Successful Workout Rules

5 Basic Rules For A Successful Workout

1.   Hydrate and Eat

You need to make sure your body has enough energy to perform the tasks and stresses you intend to put it through. Stay hydrated throughout the day and do not skip meals. Avoid heavy meals at least 2 hours before your workout.

Failure to adhere to this could result in lean weight loss and reduced metabolic rate.

2.   Mental Preparation

Remind yourself why you are going to the gym and what your vision of personal success looks like. Motivate and stimulate your drive to reach these goals. Do this at least one hour before your workout.

We don’t always want to work out but we are always glad we did.

3.   Physical Preparation

Before you engage in any strenuous activity, it’s important to properly oxidise and mobilise your body. This can be achieved with light to moderate aerobic exercise for around 5 to 10 minutes. Move every joint through its full range of motion for an additional 1-2 minutes.

Poor physical preparation leads to poor physical effort.

4.   Physical Effort

Any effort that you make from this point on should be clearly understood and anything less will reduce your ability to reach your goals. If you want a muscle to change shape it has to go through some physical stress.

Resistance Exercise. The best way to achieve physical stress levels with resistance exercise is through repetition. If your goal is to achieve a lean body with increased fat burning capabilities, then an average of 15 to 20 reps per set of exercises is a good starting point. The weight that you push or pull will be totally controlled by these reps.

·        If you choose a random weight for this proscribed amount of reps and fail before the 15 reps mark, the weight would be classed as too heavy.

·        If you chose a weight and achieve more than 20 reps, then the weight is too light.

·        Your failure point should fall between 15 and 20 reps per set of exercises, no matter the amount of sets.

Failure means, to the point of muscle exhaustion, no longer able to perform another rep within that set. This is also a great way to gauge your progress. Your reps will stay the same but as you get stronger, your resistance weight will increase, stimulating your metabolism and changing your body shape.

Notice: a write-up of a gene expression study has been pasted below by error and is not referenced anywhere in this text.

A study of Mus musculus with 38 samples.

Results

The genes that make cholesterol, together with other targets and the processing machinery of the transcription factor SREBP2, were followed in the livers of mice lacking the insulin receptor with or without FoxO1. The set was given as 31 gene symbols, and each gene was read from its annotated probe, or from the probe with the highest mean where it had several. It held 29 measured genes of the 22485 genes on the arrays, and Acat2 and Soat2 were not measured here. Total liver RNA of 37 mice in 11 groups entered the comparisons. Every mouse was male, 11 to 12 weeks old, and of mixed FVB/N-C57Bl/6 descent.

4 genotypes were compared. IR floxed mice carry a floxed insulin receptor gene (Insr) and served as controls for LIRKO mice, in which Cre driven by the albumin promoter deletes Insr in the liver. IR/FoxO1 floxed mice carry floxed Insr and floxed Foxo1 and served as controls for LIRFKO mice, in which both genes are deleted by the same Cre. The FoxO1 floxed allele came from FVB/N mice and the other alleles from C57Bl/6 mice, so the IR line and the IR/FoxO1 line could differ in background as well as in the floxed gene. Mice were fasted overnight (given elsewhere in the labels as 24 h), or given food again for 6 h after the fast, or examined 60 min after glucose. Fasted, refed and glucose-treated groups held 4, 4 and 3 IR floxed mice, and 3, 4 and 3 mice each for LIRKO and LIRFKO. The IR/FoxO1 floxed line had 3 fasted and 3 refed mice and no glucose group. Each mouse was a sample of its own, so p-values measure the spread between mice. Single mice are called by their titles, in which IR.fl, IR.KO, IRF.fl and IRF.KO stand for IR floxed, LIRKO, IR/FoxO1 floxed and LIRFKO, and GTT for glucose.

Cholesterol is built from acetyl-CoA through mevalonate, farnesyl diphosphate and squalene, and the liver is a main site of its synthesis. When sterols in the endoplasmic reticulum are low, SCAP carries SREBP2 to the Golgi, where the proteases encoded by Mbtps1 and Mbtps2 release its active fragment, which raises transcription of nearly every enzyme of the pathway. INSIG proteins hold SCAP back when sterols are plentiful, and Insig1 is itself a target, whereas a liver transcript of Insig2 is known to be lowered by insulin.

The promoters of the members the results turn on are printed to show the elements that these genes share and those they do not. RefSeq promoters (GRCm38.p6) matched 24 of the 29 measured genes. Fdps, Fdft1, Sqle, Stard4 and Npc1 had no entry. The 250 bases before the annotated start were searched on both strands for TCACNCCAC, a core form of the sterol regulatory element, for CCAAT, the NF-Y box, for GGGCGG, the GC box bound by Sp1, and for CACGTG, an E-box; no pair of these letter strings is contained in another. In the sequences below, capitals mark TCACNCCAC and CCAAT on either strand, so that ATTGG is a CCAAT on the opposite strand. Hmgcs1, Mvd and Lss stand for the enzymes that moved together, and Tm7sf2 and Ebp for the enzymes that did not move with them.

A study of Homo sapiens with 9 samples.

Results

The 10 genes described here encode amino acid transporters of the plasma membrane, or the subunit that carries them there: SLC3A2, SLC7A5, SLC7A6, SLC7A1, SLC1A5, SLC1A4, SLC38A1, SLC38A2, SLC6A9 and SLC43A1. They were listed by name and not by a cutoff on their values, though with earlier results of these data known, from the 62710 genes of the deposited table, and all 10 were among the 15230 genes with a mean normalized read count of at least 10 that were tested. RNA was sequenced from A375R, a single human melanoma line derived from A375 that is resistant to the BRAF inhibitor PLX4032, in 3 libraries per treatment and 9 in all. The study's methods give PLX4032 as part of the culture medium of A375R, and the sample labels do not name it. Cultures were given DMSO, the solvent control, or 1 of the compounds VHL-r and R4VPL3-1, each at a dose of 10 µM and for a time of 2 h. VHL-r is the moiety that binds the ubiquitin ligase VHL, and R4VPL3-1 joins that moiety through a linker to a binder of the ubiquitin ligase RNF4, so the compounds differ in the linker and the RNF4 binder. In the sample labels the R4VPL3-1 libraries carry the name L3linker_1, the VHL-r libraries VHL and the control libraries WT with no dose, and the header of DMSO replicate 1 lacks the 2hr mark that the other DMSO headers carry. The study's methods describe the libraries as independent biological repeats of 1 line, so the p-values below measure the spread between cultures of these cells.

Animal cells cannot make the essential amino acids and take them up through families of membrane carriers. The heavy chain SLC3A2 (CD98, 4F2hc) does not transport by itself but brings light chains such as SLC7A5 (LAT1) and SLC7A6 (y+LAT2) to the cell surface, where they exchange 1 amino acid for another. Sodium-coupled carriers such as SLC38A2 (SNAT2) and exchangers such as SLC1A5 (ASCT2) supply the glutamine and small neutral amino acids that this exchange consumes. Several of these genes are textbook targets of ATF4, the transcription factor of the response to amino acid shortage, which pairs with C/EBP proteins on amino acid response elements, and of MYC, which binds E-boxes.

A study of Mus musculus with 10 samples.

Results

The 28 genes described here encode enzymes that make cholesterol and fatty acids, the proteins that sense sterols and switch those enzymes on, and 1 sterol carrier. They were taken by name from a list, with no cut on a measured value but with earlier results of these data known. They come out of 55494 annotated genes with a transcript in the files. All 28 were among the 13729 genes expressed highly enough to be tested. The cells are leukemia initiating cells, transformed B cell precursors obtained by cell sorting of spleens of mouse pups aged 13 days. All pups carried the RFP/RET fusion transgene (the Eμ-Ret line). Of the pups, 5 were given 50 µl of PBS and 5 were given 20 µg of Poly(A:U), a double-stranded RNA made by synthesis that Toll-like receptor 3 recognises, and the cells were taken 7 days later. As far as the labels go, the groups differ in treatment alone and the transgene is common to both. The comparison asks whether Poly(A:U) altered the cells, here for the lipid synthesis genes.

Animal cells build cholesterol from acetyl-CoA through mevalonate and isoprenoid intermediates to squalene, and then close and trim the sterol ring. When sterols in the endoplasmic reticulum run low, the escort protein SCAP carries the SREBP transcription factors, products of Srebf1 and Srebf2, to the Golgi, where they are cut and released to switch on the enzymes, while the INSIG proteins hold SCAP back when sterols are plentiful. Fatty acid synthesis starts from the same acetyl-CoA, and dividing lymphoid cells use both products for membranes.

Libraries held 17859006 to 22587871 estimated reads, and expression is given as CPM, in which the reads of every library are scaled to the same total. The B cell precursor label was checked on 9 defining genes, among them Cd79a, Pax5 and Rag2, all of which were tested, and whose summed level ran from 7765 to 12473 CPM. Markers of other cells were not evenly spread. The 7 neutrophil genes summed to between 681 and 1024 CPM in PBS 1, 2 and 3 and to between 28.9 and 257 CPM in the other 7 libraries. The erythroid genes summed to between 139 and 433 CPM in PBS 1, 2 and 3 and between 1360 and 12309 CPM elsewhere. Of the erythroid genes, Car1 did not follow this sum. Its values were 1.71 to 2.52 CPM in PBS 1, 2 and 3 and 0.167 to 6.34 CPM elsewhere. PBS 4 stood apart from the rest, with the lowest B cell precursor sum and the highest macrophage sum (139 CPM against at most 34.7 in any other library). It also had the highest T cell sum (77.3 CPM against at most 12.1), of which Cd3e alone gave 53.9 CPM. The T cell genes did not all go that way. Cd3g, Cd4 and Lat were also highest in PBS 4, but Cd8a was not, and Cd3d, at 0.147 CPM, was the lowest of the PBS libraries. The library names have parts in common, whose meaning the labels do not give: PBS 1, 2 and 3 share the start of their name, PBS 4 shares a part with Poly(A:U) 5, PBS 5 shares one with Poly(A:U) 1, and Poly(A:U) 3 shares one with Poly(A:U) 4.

Aerobic Exercise. If your goal is to expend calories during aerobic activity and develop aerobic fitness, following a curve of aerobic activity would be the safest approach.

Visualise this curve with time markings from 0 to 30 minutes for example.

·        Start your aerobic exercise at a relaxed light level (just above your resting heart rate).

·        Slowly increase your effort to moderate (around 65 – 75% of your maximum heart rate / slightly out of breath during conversation) over 10 min.

·      Increase to moderately high (around 75 - 85% of your max HR/ unable to hold a conversation) for a short time. Reaching the peak of your aerobic curve.

CAUTION. Depending on your fitness level and experience, the time spent at this high level or peak will differ tremendously. Listen to your body. 

·        Reduce back to moderate for a while, then slowly to light intensity until you feel the same relaxed level you began with (just above resting heart rate/ able to chat comfortably). Finishing around the 30-minute mark, the other side of your aerobic curve.

If it feels less than hard work, you have less chance of reaching your goal.

5.   Stretch and Reflect

Take the time to stretch out the muscles you have worked. Returning them to normal length. Hold each stretch for 40sec to 1min to reduce the chance of injury and muscle stiffness, especially after strenuous activity. You should take this time also to reflect on the effort you made during your workout and take some mental notes on how you performed but more importantly congratulate yourself on your personal achievement.

Personal achievement doesn’t come to you. You go to it!